The two winter storms and the plunging temperatures have put a strain on Oklahoma's power grid and natural gas supply. Tribal Nations across the state are responding by closing businesses, rescheduling vaccine appointments and delivering firewood to residents for fuel. 

On Monday, as the first round of the winter storm left roads icy and power in higher demand than OG&E could supply, Cherokee Nation Businesses announced they would do their part to assist with the challenges. They closed all ten of their casinos, including the Hard Rock Tulsa near the Port of Catoosa. Officials extended that closure until Friday at 1 p.m. and said that all employees scheduled to work during that time will be paid for their shifts.

During an update with citizens and the press, Tulsa city officials praised Cherokee Nation's efforts saying closing casinos was a huge help.

Cherokee Nation Businesses CEO Chuck Garrett said in a press statement that he hopes other businesses will take Cherokee Nation's lead.

“CNB has built a reputation for making tough decisions for the right reasons, and that legacy will continue today as we put the needs of our communities ahead of our business goals,” Garrett said. “As an industry leader, we hope we can inspire other businesses throughout the region to join us as we plan, prepare and proceed through the next few days of inclement weather.”

All other Cherokee Nation properties, including cultural sites, will remain closed during this time and those employees will also be paid for their shifts. The Roland Travel Plaza on I-40 will stay open to assist travelers.

Muscogee (Creek) Nation announced that tribal offices would be closed on Wednesday, operating virtually. Principal Chief David Hill drove around with the tribal nation's emergency services department to check on citizens, including elders and those who are more vulnerable. 

The tribal nation's Lighthorse Police and Marshalls reported they've been rescuing stranded drivers, including doctors, nurses and other essential workers. 

Muscogee Creek Nation's Lighthorse Police Chief Richard Phillips said he'd been getting calls from motorists on Monday whose commutes in and around Okmulgee were nearly impossible.

"The roads are snow packed and stopping and starting is...sketchy at best," Phillips said.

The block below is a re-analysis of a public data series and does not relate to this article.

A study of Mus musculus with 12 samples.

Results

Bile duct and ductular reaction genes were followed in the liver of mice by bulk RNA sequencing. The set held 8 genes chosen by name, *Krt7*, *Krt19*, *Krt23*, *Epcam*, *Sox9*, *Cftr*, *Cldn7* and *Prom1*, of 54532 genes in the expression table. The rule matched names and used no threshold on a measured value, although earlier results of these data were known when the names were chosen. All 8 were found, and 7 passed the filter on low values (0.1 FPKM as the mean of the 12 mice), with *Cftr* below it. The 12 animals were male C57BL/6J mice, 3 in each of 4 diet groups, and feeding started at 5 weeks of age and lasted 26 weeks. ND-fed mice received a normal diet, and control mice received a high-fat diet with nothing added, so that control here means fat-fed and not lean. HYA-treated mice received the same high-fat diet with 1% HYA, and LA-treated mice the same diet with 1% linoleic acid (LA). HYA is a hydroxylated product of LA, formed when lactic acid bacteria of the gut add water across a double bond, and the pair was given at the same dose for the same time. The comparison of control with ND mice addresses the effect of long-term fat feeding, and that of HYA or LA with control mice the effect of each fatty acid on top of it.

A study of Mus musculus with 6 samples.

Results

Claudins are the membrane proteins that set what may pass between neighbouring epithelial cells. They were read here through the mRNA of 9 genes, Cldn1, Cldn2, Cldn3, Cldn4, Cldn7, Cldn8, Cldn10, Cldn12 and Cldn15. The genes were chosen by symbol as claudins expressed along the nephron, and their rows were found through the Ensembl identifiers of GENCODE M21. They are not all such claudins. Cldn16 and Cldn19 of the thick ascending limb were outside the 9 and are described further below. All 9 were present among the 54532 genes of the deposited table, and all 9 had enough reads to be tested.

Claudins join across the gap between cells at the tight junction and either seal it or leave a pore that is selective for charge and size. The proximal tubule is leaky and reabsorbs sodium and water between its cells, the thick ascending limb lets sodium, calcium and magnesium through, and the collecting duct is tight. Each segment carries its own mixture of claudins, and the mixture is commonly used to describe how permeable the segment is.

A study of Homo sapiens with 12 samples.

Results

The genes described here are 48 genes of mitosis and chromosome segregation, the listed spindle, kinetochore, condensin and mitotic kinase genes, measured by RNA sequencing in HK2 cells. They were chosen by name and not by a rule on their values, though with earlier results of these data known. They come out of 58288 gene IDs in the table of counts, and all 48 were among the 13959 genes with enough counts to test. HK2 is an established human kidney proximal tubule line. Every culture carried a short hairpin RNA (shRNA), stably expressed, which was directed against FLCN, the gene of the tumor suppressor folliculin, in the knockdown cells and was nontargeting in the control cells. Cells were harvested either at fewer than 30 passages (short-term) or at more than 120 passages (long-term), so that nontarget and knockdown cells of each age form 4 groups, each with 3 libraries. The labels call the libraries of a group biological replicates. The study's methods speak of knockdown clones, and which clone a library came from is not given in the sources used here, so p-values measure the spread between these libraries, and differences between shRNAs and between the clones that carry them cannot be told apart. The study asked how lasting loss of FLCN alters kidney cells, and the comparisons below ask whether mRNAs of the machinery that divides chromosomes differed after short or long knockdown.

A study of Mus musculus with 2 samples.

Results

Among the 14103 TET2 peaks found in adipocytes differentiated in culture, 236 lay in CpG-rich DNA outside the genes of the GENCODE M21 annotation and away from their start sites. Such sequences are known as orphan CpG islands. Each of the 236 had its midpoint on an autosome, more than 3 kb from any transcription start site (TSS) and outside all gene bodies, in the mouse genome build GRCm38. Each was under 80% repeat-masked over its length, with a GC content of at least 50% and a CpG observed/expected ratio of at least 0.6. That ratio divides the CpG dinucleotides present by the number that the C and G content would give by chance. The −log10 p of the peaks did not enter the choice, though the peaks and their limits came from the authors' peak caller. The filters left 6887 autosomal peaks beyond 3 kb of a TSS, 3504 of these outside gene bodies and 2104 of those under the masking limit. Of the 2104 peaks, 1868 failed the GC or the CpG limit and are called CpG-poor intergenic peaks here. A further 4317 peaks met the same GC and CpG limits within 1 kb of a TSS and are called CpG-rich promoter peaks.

In the past couple of days, all 64 Lighthorse Police officers have been on duty and responding to calls from stranded motorists throughout McIntosh County and elsewhere.


Officials with the Cherokee Nation are reporting similar conditions, with roads in and around Tahlequah hard to drive on. The tribal nation's health services rescheduled all vaccination appointments for Wednesday due to hazardous weather. Choctaw Nation officials are reporting the same in Durant and surrounding areas. 

Freezing temperatures are expected through the week with a warm up not likely until the weekend.

Osage News reported that the tribal nation will provide a quarter of a rick of firewood to people who've lost power and have the ability to heat their homes with a wood burning stove. The wood was available at the land formerly known as Bird Creek Farm near Skiatook.

Osage Casinos in Hominy, Bartlesville and Sand Springs closed due to weather and lack of water. Some were planning on reopening once roads were cleared and services were restored. Osage Nation offices operated remotely on Tuesday.

Comanche Nation residents in Cotton County distributed water to citizens who had their services shut off. Emergency management services set up shop in a church, and the local fire department in Walters was allowing residents to fill up containers with water. Arrangements were made for elders who could not get out to do so. As of 12:30 p.m. Wednesday, Comanche Nation citizens were told in a text message that the city of Walters was restoring water services to citizens.

Cherokee Nation, Choctaw Nation, Muscogee Creek Nation as well as many Indian Health Service clinics across the state have told patients they will be rescheduling their initial and second dose COVID-19 vaccine appointments due to weather.

This is a developing story. Please stay tuned for updates.


Allison Herrera is a radio and print journalist who's worked for PRX's The World, Colorado Public Radio as the climate and environment editor and as a freelance reporter for High Country News’ Indigenous Affairs desk.